I started a series last year called – So You Want To Be A Personal Trainer? – with the first (and so far only) post being about memorising your session plans and I’ve been meaning to share a ton more but you know, life.
But now seems as good a time as any to share this post about fitting in your own training as me personally, well, I’m struggling. I don’t have a schedule as heavy as many studio instructors I know but to be honest, I don’t know how they do it. Currently, my main issue comes from teaching a double Lift class every Thursday morning. Lift is as I say, “the Frame version of Bodypump”. Each class is 45 minutes and although I usually use intermediate or even beginner weights sometimes, it still is quite a workout. Twice over.
So this post is sharing with you the issues I’ve dealt with around fitting in my own training and the choice I’ve made to get the balance right…
I’m Over The 5am Alarm
After sharing all my survival tips for those early wake ups on the blog, I’ve come to the realisation that I can’t actually do it anymore. But maybe can’t is the wrong word. I won’t do it anymore. My schedule since being at University has meant I’m often in classes till 9pm for up to two nights a week plus teaching in the evenings so early mornings don’t make sense for me and don’t in any way help me to create a routine. My Thursdays became half a day as I’d have to travel back home, have a nap and then spend a few hours working before getting ready to head back into town for lectures. So as I’m about a month away from starting my second year at University, I made the choice to no longer teach in the mornings.
Your Body Comes First
This one might need to be a blog post on it’s own when I think about all the small injuries I’ve racked up! Right now, I have a fair bit of discomfort in my neck and shoulders (from pulling a tiny muscle in my neck while in bed) and a hip flexor / rectus femoris which reminds me of its painful existence each and every time I lunge. Thinking back, there were a few weeks where I could barely move my wrist without pain; I just about managed to squeeze some rest in along with some treatment with a Sports Therapist and doing the prescribed strengthening exercises. Then there was the pulled rotator cuff which meant I couldn’t move my arm at all. And most of this, I had to teach through.
Anna, a Personal Trainer and class instructor made a great point when she said that “having an injury is already draining physically and mentally and so it’s harder to find the energy [for fitting in your own training] when you’ve been focusing on your clients”. Like me, Anna has had to continue working through injuries and rehabbing around her teaching schedule.
Fitting in Your Own Training is a Nightmare
If you’re lucky enough not to pick up any injuries then there is always the issue of when to fit in your training and then finding the energy to do so. I remember last year when I was training for my ride to Paris, I had to schedule my rides around my Lift classes to ensure I was recovered enough. Usually my long rides were on Sundays so when it came to leaving for Paris on a Friday I forgot how sore my legs would be from class the day before! Right now, I want to focus on my cycling, get back to running a little more and lift weights / go to crossfit style classes around my cardio / endurance training rather than the other way round.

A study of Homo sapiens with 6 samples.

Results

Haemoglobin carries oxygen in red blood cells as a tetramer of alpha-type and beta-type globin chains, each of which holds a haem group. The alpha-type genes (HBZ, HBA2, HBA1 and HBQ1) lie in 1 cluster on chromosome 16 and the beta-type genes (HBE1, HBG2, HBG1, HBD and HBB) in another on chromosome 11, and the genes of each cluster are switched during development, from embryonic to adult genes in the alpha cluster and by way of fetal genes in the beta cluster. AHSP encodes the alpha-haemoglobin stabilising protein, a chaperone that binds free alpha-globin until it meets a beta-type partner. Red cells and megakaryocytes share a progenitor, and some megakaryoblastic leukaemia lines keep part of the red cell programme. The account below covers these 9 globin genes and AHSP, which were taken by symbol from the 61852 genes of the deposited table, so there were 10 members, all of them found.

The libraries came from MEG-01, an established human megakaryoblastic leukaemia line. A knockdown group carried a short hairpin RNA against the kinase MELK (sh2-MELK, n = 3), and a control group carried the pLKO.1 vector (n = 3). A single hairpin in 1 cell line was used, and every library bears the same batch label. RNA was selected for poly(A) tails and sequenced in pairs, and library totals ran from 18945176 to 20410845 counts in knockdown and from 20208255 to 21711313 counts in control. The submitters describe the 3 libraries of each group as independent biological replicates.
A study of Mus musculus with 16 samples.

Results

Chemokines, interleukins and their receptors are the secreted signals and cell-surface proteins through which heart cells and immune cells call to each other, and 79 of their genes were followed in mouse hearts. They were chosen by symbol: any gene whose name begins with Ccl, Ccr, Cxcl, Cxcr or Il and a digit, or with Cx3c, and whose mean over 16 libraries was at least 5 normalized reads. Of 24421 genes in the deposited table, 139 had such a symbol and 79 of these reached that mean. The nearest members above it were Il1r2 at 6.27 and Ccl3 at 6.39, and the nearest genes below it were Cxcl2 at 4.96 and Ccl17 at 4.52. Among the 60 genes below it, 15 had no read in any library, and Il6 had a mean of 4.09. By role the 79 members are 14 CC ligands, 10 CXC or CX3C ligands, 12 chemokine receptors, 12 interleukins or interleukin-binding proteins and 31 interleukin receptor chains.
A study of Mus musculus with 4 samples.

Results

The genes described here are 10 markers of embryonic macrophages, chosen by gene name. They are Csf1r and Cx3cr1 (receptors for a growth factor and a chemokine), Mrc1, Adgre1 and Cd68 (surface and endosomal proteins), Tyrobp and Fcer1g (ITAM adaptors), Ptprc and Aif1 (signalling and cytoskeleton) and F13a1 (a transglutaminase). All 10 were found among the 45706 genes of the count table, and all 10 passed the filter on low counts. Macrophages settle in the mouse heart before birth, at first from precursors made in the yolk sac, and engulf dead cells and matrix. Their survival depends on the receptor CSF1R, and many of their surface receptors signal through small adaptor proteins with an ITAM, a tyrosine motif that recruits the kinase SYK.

Running Coach, Lauren shared with me that “I’ve resigned myself to the fact that now isn’t the time for me to push for my PBs. If they come that’s great, but I get as much joy seeing my runners achieve their goals.”
But It’s Not All About You…
I know exactly where Anna is coming from when she says “I get as much joy seeing my runners achieve their goals [if I’m not getting my own PB’s]”. For me, I love seeing women especially, come to their first lift class and get to grips with everything and within a few weeks, then months, are smashing the moves they never thought they could do! And the lack of confidence that comes when someone says “it’s my first time in this class”... I love seeing that disappear after getting the 30 minute MetCon class, or 45 minute Power Row class done and with a smile on their face!
We preach to our clients that overtraining is not cool, so as professionals we should surely practice what we preach?! But it’s also important to remember that different people have different tolerance levels for the amount and intensity of activity they can do in a week…
If teaching your classes means that you have to do the workout too then be mindful of the movements you’re doing. If you’re carrying an injury limit the demonstrations you do and reduce the weights for exercises that may aggravate the injury.
If you don’t have to train when you work then fitting in your training at the start of the day or later in the evening may be the way to go. Running Coach Nicola suggests tacking on some extra miles (or reps) at the end of your group session… She say’s “It can be hard to fit in my own training when I’m running twice a week with my groups as I run at their pace or the pace of the slowest runner (I make the faster runners do out and backs). What I have done in the past is do the group session and then add another mile or two on at the end just on my own. It does mean I’ve had a pause in the running to do the cool downs and chat but it has worked out in the past.”
If you don’t have any specific goals then it’s worth thinking about balancing out your own sessions with what you teach. So if you teach Pilates multiple times a week, then try adding some cardiovascular training in with activities like running, cycling or swimming. Even scheduling in training sessions with friends is one way to stay accountable, and social!
If you already teach, how do you find balance?